Writing Competitions

Essay-writing competitions enable students to hone their legal research, writing and advocacy skills; produce a writing sample for prospective employers; and, possibly, have a published work that can be promoted on a resume.

Below you will find a variety of writing competitions in an array of practice areas. The information listed below only offers a brief overview of each competition.

Be sure to use the links to find official rules and information. Check back regularly, as more writing competitions will be added.

November 15, 2014

Association of Securities and Exchange Commission Alumni, Inc. — Securities Law Writing Competition

Topic: Any subject in the field of securities law.

Length: None specified.

Prize: First place, $5,000. Second place, $3,000. Third place, $2,000.

Eligibility: Students enrolled at any accredited law school in the United States for the fall semester of 2014.

January 15, 2015

Thomas Jefferson School of Law — James Crane III Disability and the Law Writing Competition

Topic: Any topic relating to disability law, including legal issues arising with respect to employment, government services and programs, public accommodations, education, higher education, housing and health care.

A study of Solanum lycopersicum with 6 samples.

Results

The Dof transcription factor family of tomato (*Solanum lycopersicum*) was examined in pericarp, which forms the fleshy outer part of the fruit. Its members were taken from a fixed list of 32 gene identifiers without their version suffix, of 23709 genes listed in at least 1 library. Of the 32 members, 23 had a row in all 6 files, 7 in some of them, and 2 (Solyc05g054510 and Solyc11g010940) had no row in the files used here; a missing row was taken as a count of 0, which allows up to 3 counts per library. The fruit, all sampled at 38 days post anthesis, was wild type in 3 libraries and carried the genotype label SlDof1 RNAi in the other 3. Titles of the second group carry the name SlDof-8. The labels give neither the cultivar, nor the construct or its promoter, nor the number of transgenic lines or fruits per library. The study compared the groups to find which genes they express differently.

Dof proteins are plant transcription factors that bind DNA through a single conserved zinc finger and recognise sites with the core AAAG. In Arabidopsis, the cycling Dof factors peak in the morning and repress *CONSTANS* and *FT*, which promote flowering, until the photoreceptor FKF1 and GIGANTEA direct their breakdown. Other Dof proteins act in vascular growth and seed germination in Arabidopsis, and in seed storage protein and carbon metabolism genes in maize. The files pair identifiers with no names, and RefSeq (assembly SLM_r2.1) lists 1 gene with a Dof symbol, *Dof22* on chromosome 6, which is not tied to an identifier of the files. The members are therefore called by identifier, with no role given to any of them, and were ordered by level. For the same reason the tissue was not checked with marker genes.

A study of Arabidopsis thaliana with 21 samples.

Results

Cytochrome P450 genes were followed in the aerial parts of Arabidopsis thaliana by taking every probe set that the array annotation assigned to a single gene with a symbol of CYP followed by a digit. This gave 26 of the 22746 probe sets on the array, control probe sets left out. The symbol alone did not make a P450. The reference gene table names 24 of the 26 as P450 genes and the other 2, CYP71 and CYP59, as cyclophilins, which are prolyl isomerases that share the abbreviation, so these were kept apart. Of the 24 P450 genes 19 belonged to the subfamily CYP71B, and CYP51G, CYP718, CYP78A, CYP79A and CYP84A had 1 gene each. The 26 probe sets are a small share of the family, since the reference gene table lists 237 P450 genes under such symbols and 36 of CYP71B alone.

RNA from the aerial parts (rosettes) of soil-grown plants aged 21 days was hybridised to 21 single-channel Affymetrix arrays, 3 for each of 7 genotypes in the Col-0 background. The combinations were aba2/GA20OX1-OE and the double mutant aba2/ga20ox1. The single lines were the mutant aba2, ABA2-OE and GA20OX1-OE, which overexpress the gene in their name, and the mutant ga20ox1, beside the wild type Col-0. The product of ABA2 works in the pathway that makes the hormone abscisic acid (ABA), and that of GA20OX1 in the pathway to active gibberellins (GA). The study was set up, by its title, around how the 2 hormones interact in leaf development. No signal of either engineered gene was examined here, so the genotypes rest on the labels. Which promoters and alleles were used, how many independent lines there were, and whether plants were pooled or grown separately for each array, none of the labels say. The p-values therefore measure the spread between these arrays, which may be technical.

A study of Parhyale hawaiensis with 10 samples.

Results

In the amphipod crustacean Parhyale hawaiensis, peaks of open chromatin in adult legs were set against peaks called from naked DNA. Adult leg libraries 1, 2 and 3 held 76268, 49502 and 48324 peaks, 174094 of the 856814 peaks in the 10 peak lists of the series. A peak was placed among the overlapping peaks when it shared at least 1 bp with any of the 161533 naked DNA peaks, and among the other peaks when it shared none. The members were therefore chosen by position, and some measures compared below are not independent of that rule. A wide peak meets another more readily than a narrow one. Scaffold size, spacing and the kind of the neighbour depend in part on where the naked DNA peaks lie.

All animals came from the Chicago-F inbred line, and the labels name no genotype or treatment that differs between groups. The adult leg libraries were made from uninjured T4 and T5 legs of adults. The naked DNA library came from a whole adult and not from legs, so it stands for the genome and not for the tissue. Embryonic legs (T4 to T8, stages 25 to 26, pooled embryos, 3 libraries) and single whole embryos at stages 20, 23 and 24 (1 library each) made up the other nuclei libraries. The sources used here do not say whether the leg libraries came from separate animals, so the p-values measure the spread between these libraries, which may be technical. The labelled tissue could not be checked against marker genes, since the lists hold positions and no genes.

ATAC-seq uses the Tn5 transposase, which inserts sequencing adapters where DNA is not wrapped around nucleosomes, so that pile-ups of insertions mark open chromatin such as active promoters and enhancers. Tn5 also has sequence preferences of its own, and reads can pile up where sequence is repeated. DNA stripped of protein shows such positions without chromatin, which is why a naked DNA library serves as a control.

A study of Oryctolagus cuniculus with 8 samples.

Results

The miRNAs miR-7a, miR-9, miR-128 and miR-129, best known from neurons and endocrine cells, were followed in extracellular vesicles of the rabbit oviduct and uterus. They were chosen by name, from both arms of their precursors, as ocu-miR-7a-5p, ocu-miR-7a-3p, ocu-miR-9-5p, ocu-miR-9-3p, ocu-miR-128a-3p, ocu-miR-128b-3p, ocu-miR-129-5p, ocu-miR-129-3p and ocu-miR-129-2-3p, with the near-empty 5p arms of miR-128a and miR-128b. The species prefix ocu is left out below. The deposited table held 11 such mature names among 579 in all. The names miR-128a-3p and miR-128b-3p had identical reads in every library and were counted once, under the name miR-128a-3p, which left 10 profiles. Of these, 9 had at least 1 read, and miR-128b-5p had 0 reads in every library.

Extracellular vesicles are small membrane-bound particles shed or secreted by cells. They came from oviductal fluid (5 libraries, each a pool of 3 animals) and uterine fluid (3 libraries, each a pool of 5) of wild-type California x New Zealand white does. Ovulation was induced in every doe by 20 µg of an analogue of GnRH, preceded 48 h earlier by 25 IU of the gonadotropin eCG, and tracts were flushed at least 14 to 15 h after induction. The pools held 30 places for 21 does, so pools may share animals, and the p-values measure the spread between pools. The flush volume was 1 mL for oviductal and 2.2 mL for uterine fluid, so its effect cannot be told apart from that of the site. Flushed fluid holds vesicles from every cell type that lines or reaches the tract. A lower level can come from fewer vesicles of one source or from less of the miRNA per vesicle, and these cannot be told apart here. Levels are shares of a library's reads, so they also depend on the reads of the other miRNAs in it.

Length: Must not exceed 35 pages, including citation, any figures or tables, and the cover page.

Prizes: First place — $1,500 cash and consideration for publication in the Thomas Jefferson Law Review. Two Second place winners — $1,000 cash.

Eligibility: Open to all law students.

January 16, 2015

Pacific Legal Foundation — Law Student Writing Competition


  1. In Lucas v. South Carolina Coastal Council, 505 U.S. 1003 (1992), the Supreme Court held that a land use restriction that eliminates all economically beneficial use of property effects a taking for which the owner is entitled to just compensation. But it held that compensation is not required when the restriction “inhere[s] in the title itself ... [as part of] background principles of the State’s law of property and nuisance.” What are, or should be, the limits on the power of courts to interpret these background principles?

  2. Title VII of the Civil Rights Act of 1964 imposes liability for discrimination if the plaintiff proves that the defendant employs policies that have a “disparate impact” on members of a minority group. Is “disparate impact” a proper test for determining that a defendant has engaged in illegal discrimination — or does imposing such liability itself violate the constitutional right to equal protection?

  3. In the past, environmental regulations focused primarily on local pollution concerns — for example, on protecting species in a particular location or preventing pollution of rivers and streams. But the focus of the environmental debate is increasingly shifting to global warming, a phenomenon that would affect the planet as a whole rather than a particular locale. In this new context, how should the government balance environmental protection against constitutional protections and property rights?

Length: None specified.

Prizes: First place, $3,000, recognition at the Annual Pacific Legal Foundation Gala, and PLF will pay for the winner’s reasonable travel costs to attend the gala. Second place, $2,000. Third place, $1,000.

Eligibility: Open to all law students.